Evgenyi Gromov | m

Supply chain operators are urging politicians to consider the logistics sector as the increasingly real prospect of a no-deal Brexit grows.

In a letter to Theresa May, the FTA reminds the prime minister of her 2017 promise to keep “trade as frictionless as possible” when plotting the Brexit path.

Deputy chief executive James Hookham said: “Ms May must urge parliament to recognise the real jeopardy a no-deal Brexit imposes on the logistics industry, and the whole country.

“Business cannot trade on ‘what ifs’ and ‘maybes’ – a transition period to whatever the new market arrangements will be is essential to keep Britain trading efficiently after Brexit.”

According to the FTA, a no-deal outcome could see UK supply chain costs increase by 5%-35% via WTO-mandated tariffs alone.

The association wants clarity on what road haulage permits will be required, the level of customs tariffs, access to a skilled workforce and red tape surrounding imports and exports.

Mr Hookham added: “For the past two years, the logistics industry has been warning of the potential disruption and damage of a no-deal Brexit. This could include short-term gridlock at ferry ports if customs processes and checks are not implemented smoothly.”

And he noted any delays could lead to shortages of both food and medicines, as well as labour shortages caused by inability to recruit EU member state nationals.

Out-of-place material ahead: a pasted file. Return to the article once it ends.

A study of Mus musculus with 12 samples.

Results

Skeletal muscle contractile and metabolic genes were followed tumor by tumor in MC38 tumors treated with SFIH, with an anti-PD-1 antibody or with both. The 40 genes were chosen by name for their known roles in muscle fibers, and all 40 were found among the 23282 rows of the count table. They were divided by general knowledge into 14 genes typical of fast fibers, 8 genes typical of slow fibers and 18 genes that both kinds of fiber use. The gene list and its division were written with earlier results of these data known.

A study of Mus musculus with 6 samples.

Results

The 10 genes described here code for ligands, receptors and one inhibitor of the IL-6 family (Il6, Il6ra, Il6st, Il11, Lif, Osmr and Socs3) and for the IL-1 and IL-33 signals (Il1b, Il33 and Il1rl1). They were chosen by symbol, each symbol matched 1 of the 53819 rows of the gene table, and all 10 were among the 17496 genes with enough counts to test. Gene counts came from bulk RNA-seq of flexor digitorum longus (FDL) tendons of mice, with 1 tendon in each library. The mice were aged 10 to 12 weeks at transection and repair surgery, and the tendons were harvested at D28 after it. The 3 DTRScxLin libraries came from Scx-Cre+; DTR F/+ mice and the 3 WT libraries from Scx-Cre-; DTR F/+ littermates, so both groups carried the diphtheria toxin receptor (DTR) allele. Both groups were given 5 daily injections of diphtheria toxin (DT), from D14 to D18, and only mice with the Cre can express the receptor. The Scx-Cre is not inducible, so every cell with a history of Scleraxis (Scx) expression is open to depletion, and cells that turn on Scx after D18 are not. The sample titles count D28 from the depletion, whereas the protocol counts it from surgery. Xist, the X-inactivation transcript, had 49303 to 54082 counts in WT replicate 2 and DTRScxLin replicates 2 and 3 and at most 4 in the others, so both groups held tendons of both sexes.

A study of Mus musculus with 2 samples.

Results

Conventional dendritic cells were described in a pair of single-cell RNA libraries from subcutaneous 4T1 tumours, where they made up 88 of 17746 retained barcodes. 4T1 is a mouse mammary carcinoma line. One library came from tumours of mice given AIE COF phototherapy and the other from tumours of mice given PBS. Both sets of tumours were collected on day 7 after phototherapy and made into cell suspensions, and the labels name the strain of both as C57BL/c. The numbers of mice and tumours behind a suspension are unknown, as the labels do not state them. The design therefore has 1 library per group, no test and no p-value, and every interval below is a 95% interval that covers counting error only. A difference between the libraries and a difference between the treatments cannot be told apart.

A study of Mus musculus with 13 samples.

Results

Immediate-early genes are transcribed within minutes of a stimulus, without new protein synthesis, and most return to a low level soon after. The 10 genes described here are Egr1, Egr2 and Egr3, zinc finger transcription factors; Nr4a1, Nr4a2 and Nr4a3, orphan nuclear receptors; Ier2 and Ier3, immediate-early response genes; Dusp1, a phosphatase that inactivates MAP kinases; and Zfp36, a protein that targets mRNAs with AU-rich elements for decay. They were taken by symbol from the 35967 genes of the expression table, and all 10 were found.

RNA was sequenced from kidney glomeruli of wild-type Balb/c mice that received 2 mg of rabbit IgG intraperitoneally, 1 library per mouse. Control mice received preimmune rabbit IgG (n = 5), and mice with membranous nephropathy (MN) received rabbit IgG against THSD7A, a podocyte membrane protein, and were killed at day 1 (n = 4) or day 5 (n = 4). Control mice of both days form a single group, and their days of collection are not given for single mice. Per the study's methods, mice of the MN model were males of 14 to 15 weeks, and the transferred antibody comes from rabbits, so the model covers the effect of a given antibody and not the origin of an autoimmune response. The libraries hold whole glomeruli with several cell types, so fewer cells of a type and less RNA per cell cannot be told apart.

And the British International Freight Association (Bifa) alerted its members today to an error in HMRC’s preparations.

“It was said that an economic operator registration and identification (EORI) number has eight digits,” it said. “Bifa along with other parties have questioned the inaccuracy of this announcement and have been advised by HMRC that this was incorrect.

“HMRC has confirmed that in fact it’s a 12-digit number, beginning with the prefix GB.”

HMRC also confirmed that any operators with a current EORI number would not be required to take any further action.

Mr Hookham said while government may have developed necessary procedures for supply chains and businesses, they had neither been formally agreed or announced.

And with just 13 working days between now and the 29 March Brexit deadline, anxieties are mounting.

“Whatever the final outcome of tonight’s vote, and those later this week, the logistics industry needs sufficient time,” said Mr Hookham. “This time is needed to learn, adapt to and implement the necessary operational processes to comply with the announced procedures.

“With just over two weeks until the UK’s proposed departure from the EU, it is worrying that we still have so much to clarify.”